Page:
Decide how you will use the boat. There are different kinds of boating. Depending on your choice of boating “style,” the interior design will be different. If you are planning on some extended cruising, for example, a small galley (kitchen) with handholds and brace points is essential. The same philosophy applies for berths (beds) on the vessel. While underway in rough weather, spacious, supportive berths will help the crew rest without fears of being propelled across the room (see Reference 1).
Create an interior design. Make a list of your desired interior features, and search magazines and websites for practical examples. Combine this information with your budget guidelines, and create a design that works for the crew. If you don’t feel qualified to perform the design and load calculations, contact a yacht designer or naval architect to assist you (see Reference 2).
Take some “before” photographs. Although you might not want to remember the current garish interior, note the location of bulkheads and posts that reach upward to the deck. On many boats, for example, these supports are essential for the structural integrity of the boat. The photos will also show the current positions of equipment such as galley stoves, navigation panels, and heads (lavatories).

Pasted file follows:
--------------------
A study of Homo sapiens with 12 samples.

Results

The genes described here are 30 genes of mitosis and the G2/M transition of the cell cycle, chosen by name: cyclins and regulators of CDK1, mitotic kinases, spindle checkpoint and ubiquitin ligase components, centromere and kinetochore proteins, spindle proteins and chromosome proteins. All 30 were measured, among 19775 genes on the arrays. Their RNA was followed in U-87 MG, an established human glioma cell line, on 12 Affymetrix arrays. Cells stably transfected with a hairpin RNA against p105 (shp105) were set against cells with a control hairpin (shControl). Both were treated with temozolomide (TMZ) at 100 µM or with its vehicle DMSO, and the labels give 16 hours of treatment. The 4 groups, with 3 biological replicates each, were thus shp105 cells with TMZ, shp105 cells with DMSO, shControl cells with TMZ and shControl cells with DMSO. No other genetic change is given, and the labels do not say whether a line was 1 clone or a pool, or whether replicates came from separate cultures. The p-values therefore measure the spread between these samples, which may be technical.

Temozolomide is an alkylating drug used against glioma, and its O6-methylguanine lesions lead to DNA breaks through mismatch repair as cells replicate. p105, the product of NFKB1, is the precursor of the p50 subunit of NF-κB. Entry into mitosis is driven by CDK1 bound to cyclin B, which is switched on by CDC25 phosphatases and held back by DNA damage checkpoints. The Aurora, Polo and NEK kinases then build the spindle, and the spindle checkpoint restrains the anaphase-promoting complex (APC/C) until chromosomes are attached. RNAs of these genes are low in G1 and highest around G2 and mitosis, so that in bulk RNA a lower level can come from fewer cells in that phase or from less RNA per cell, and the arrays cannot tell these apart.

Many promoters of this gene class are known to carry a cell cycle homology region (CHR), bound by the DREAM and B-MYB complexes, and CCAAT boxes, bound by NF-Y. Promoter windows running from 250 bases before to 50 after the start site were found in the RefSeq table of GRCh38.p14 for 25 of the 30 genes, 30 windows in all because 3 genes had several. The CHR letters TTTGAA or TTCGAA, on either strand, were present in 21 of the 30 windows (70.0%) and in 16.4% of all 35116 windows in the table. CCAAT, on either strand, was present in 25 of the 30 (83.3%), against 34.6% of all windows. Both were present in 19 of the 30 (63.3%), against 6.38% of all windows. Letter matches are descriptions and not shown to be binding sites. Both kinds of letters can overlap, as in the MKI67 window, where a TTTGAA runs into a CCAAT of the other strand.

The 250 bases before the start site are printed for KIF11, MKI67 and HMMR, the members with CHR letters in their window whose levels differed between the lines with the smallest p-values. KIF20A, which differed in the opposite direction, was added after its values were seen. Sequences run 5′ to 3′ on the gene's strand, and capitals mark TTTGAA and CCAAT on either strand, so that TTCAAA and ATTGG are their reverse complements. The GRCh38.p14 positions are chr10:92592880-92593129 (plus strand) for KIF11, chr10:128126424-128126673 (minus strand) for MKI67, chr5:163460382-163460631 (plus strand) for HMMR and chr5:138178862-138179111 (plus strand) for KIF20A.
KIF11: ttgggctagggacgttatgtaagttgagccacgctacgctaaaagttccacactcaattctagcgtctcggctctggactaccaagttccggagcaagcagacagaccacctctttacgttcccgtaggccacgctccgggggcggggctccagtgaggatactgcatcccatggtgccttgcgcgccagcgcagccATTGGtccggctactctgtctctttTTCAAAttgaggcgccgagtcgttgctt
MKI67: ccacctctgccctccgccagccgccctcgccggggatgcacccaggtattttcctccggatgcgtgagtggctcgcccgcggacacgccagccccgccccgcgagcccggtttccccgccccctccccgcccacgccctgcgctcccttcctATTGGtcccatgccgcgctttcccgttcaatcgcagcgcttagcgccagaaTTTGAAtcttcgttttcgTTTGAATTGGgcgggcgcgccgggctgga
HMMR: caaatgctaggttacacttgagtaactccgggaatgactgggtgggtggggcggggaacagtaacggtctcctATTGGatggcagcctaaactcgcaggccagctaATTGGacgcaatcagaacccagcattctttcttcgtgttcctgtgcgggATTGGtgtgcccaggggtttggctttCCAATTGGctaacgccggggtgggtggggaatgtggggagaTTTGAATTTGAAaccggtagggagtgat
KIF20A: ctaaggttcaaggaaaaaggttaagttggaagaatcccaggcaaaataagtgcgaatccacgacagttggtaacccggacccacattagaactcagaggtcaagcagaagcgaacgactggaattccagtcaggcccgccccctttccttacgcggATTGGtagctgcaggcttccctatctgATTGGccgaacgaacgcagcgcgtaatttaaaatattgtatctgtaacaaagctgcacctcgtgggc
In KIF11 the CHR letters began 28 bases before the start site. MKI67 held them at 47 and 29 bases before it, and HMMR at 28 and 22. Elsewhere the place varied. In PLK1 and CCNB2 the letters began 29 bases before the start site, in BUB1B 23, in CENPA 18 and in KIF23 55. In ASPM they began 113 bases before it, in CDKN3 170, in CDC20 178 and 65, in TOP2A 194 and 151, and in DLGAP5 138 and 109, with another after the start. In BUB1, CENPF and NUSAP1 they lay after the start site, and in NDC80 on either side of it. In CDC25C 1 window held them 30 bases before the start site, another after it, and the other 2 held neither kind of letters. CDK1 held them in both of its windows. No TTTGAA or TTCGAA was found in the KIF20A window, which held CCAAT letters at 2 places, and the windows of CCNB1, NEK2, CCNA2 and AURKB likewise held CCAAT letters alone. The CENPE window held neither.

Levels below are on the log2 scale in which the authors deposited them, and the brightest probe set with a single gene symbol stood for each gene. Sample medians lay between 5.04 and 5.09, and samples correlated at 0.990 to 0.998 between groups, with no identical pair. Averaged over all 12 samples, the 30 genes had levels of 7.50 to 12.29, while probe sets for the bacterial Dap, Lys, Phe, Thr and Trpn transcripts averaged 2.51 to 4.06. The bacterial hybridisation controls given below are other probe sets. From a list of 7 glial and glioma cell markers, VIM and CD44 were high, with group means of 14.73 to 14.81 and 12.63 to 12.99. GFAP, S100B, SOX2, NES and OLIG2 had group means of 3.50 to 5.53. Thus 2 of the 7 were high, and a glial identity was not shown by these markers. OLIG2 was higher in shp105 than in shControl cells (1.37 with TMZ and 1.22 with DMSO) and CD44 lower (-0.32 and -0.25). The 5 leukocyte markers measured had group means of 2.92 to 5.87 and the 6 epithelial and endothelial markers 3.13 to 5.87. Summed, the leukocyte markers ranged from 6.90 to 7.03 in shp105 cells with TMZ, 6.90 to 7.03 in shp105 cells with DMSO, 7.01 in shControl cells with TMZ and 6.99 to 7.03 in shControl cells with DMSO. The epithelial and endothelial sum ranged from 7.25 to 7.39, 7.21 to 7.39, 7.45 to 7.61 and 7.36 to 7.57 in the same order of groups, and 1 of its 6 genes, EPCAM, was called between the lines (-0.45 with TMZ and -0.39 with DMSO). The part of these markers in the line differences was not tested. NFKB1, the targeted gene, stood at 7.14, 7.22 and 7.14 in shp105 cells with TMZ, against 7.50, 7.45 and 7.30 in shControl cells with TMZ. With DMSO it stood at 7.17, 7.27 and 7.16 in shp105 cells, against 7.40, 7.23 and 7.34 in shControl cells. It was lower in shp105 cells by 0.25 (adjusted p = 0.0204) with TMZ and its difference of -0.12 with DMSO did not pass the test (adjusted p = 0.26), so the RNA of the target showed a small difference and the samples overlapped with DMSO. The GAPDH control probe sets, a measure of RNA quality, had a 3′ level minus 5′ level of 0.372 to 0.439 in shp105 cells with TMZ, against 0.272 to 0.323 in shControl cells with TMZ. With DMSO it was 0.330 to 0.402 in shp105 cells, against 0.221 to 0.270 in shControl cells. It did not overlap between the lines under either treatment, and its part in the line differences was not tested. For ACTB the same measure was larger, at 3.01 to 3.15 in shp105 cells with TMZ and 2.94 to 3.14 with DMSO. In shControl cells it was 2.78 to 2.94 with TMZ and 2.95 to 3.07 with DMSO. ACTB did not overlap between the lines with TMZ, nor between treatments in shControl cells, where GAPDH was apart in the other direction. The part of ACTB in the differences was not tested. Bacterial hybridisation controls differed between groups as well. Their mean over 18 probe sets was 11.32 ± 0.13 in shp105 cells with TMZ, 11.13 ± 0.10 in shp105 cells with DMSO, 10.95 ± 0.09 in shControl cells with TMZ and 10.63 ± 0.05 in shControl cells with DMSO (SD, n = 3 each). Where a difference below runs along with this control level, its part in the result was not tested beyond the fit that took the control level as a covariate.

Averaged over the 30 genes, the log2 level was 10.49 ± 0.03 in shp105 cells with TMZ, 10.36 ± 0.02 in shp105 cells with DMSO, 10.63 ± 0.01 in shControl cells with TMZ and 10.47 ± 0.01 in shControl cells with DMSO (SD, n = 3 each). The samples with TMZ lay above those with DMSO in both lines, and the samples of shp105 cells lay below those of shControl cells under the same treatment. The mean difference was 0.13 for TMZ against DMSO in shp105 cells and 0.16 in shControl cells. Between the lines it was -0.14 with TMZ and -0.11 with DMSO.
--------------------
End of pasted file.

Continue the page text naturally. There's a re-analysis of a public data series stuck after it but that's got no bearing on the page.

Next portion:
Hire professionals if necessary. Determine how much of the interior renovation you can safely complete. For example, unless you are an electrical expert, hire an American Boat & Yacht Council (ABYC) Certified Marine Electrician to plan and execute the new electrical system (see Reference 3). If you’re a good structural carpenter but lack finish skills, a fine woodworker can help you create the polished look you desire.
Divide the renovation into manageable parts. Make a supply and equipment list for each portion, and ensure that everything is on hand before beginning your project. For example, starting a fiberglass project without enough glass cloth, resin, or tape may mean you won’t be able to completely cover that surface. Because fiberglass work involves chemical reactions and fumes, forgetting your respirator can lead to serious health risks.
Clean up your mess as you go. This will be helpful for two reasons: You won’t have to search for parts and materials under a growing pile of debris, and you won’t track paint or solvent into an area already completed.